The Vibrio genus consists of several species. V cholerae, V vulnificus, and V parahaemolyticus are significant with respect to foods and human health. 13 Vibrios are naturally present in marine environments. V parahaemolyticus is usually associated with coastal and estuary waters and can be found in fish, shellfish, and crustaceans harvested from these waters. Environmental isolation of V parahaemolyticus is dependent upon water temperature: when the temperature falls below 15°C, it cannot be isolated from water; however, survival during winter is thought to be due to survival in sediments. 14
With respect to cellular morphology, V parahaemolyticus cells are facultative Gram-negative short to comma-shaped rods possessing motility by a single polar flagellum. They are metabolically both oxidative and fermentative and most importantly obligate halophiles (salt loving), which is used to separate V parahaemolyticus from V cholerae. 13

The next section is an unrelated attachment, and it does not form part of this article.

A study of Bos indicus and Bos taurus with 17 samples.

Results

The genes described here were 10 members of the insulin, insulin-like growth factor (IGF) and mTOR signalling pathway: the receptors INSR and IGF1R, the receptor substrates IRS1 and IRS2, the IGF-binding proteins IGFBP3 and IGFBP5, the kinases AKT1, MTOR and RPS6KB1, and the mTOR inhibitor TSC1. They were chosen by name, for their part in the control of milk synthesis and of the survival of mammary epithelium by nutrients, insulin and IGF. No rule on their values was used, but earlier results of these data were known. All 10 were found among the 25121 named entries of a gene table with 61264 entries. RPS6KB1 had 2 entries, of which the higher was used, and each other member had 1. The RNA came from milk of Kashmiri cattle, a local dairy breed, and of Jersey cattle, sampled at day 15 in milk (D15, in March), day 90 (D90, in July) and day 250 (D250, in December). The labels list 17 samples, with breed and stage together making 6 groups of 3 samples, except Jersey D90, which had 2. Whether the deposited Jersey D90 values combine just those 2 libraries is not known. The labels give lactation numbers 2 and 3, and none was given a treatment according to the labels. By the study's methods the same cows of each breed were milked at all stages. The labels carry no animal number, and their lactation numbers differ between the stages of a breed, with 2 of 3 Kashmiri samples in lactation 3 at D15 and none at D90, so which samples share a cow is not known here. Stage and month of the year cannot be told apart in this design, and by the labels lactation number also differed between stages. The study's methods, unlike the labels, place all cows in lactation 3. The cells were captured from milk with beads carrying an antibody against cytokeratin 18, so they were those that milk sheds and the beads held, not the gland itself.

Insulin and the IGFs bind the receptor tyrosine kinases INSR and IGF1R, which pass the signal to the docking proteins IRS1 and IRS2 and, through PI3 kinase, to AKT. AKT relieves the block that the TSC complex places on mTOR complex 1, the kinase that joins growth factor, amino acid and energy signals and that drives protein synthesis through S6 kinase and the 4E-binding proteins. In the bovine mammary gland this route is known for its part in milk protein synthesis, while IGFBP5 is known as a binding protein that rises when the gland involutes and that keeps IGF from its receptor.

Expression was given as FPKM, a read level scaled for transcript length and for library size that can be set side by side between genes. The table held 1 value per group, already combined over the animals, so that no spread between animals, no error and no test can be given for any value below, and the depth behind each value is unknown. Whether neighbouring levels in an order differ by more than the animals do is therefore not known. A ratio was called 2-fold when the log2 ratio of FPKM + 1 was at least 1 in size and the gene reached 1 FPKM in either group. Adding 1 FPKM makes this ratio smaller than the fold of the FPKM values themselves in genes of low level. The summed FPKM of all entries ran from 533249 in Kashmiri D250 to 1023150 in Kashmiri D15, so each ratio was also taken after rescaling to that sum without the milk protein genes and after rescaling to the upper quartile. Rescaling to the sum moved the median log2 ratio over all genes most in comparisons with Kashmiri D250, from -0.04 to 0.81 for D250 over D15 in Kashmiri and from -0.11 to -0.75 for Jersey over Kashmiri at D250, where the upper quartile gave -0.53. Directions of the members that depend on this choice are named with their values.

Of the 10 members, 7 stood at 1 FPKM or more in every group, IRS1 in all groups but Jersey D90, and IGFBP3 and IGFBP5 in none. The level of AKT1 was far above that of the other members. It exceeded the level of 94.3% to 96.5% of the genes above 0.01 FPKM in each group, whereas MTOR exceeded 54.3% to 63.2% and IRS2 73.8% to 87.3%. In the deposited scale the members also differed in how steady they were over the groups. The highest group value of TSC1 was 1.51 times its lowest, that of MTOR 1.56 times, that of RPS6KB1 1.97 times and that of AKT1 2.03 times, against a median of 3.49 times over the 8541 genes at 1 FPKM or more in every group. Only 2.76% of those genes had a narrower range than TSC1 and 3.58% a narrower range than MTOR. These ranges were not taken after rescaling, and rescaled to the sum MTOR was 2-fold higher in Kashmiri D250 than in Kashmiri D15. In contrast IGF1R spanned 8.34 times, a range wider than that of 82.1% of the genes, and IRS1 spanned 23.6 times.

V parahaemolyticus is the leading cause of foodborne illness in Japan and has caused outbreaks in the United States. The most common syndrome is watery diarrhea that affects patients 4 to 96 h after consumption and lasts about 3 days. However, a high ingestion of greater than 105 cells can produce dysentery syndrome. Symptoms include mucus and blood in stools, affecting patients just 20 min to 9 h after ingestion and lasting about 2.5 days. This syndrome usually occurs in summer to early fall. The mechanism of pathogenecity is not well known, but most clinical isolates exhibit a thermostable hemolysin toxin responsible for the Kanagawa phenomenon. 13
The enrichment, isolation, and identification of members of the genera Vibrio are based upon their ability to grow well at alkaline pH. V parahaemolyticus is further characterized based upon its requirement for NaCI for growth.